In 2009, Renee Heidtman was diagnosed with breast cancer at the age of 29. When she found out the cancer had actually spread to her liver and she was stage IV, she knew the only real option for her — one that allowed her to do what she thought was best for herself and her lifestyle — was an all-natural approach. She still wanted to have kids someday, and the toxicity of treatments like chemo and radiation deeply concerned her.
Rather than immediately getting a lumpectomy and starting chemotherapy, which her doctors advised, Renee opted for several different natural therapies in the hopes of beating cancer on her own terms.
She practiced yoga daily and met with a large support network of therapists and counselors in an effort to stay active and independent. She researched The Gerson Therapy approach and raised money to go to their center in Mexico; she began following their “non-toxic” regimen of raw juicing and coffee enemas. When she came back from Mexico, she enthusiastically continued the treatment at home, recruiting the help of strangers and her family alike to help her with the amount of juicing she had to do. She shared videos of her journey on YouTube, remaining optimistic, upbeat, and hopeful.
But her health continued to decline.
One day, her younger sister Rita realized enough was enough. Rita was over at Renee’s juicing for her, and she says that Renee suddenly “doubled over and screamed in pain while pounding her hand on the table.” Renee urged her to reconsider doing chemotherapy.
In fall of 2012, after trying for years to naturally stop the cancer’s progression, she agreed to do chemo and met with an oncologist again. She found out that the cancer had metastasized to her heart and lungs, in addition to her liver. She forged ahead with chemotherapy.
After months of chemo treatment, they discovered the cancer had spread to her brain, over 50 lesions in all. So she added radiation to her regimen.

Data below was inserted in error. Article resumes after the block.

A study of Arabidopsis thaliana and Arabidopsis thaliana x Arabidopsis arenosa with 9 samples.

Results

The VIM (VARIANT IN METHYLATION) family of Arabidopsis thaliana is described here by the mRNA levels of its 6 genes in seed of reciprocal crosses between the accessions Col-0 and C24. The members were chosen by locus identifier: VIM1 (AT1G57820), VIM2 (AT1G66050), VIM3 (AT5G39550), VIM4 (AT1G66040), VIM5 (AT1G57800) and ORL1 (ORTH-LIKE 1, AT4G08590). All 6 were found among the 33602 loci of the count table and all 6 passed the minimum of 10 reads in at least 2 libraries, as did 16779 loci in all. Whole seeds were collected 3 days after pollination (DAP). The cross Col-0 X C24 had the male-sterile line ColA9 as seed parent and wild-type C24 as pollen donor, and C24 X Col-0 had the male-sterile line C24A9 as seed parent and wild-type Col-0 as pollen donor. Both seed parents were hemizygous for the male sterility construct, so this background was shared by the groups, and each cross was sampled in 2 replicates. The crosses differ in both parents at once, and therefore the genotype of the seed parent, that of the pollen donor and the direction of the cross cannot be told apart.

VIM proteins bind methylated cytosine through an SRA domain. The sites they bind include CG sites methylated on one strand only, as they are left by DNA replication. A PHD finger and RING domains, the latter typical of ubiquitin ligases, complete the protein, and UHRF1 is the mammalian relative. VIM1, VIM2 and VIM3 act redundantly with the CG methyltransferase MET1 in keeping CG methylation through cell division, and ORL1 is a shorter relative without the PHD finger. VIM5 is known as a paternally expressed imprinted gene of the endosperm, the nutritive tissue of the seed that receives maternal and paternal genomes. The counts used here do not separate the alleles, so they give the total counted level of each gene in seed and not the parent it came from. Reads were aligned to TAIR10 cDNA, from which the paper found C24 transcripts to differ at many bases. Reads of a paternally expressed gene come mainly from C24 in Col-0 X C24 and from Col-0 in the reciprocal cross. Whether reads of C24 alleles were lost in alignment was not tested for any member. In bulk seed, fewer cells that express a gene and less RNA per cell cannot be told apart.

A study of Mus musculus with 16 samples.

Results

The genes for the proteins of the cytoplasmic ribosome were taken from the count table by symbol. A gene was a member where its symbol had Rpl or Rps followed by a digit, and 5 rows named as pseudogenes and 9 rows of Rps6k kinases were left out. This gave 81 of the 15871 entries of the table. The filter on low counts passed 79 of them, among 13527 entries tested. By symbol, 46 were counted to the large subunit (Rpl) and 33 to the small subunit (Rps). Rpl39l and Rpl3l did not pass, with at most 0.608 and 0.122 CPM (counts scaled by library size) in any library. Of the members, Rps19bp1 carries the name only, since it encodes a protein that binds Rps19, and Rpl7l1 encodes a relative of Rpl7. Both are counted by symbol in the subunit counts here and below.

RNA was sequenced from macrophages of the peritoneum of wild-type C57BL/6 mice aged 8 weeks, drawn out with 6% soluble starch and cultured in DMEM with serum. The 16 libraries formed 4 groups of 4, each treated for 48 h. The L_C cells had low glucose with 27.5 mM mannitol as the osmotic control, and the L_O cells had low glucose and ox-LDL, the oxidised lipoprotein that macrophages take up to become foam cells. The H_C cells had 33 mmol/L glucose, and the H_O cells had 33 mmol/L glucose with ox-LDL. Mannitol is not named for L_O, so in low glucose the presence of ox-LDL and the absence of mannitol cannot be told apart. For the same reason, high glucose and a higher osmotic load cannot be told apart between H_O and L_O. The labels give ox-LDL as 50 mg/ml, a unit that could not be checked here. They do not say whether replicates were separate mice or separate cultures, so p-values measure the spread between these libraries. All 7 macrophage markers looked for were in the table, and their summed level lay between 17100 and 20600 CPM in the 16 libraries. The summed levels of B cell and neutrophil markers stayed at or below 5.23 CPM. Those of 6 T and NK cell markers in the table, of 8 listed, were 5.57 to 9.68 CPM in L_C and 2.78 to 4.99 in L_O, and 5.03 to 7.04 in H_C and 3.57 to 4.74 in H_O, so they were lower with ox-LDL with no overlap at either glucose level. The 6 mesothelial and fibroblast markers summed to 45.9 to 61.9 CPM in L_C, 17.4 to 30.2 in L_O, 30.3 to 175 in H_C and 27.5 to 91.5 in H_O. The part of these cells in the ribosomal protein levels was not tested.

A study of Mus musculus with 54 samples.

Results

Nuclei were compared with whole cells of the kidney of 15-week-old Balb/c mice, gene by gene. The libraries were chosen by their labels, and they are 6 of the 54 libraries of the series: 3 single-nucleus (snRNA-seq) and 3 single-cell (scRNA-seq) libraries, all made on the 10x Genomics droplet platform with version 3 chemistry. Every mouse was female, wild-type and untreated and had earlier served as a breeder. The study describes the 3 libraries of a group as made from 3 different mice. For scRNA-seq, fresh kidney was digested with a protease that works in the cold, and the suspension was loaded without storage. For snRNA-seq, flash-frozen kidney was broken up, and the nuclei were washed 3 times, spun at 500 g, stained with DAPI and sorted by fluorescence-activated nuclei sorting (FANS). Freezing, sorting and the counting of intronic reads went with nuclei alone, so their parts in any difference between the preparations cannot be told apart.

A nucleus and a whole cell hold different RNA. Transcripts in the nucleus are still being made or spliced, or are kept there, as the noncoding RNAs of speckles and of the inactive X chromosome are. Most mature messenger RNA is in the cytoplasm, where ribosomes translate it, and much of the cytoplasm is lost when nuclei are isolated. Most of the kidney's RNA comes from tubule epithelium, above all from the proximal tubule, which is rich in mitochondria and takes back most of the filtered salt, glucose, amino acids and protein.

And for a while, it seemed like there was still hope: the tumors shrunk and some disappeared. But, eventually, they came back. And her oncologist informed her that there was nothing else they could do. Renee was terminal.
She was placed into hospice care, and at 32 years old, was faced with the decision of how she wanted to die. She chose to spend her last days at home. Her sister Rita became her caretaker, eventually quitting her job and raising money through online support sites so she could devote all of her time to her sister.
The financial burden on the family was large, and managing everything from hospital bills to grocery bills, rent, and other essentials was difficult.
Around this time, National Geographic contacted the family about doing a documentary on Renee, and Renee instantly agreed. She wanted to share her story, show the world what she had accomplished with her life, and discuss the positive impact she was leaving behind. Rita, however, was less sure, and anxious that the documentary would be exploitative rather than showing the world the beautiful woman she knew her sister to be. But after meeting with the producers, Rita’s fears were assuaged, and the documentary I Am Dying was created, giving viewers an intimate look at Renee’s last days and highlighting the challenges cancer brings to an entire family.
On April 11, 2013, after just under six months of hospice care, Renee passed away at home surrounded by her beloved family, just as she wished. The documentary aired on the Discovery channel over two years later, on June 13, 2015.
Renee took unconventional paths to treating her cancer which ultimately cost her her life, but Rita says the important thing is that her sister lived and died on her own terms.
“Throughout my sister’s treatment,” Rita writes, “everyone wanted to tell her what to choose. After her death, at age 32, people questioned whether things could’ve been different if she had chosen another option. The problem is that there are no answers to that question. Cancer is indiscriminate. Sometimes there are no good options to choose from. But by following her dreams, staying positive, and being true to herself, my sister made the right choices for her.”
Cancer is indiscriminate, and no treatment is a surefire way to permanently rid your body of the disease forever. But, please, listen to your doctors, seek out more than one medical opinion, and do what’s best for you while keeping in mind that science, technology, and medical research hold a wealth of information; clinical trials and new medications are constantly being tested. While feeding your body wholesome, unprocessed foods may very well help your body heal as it fights to rid itself of cancerous cells, Western medicine is not something to be underestimated or ignored — it regularly saves lives.
C. Dixon likes to read, sing, eat, drink, write, and other verbs. She enjoys cavorting around the country to visit loved ones and experience new places, but especially likes to be at home with her husband, son, and dog.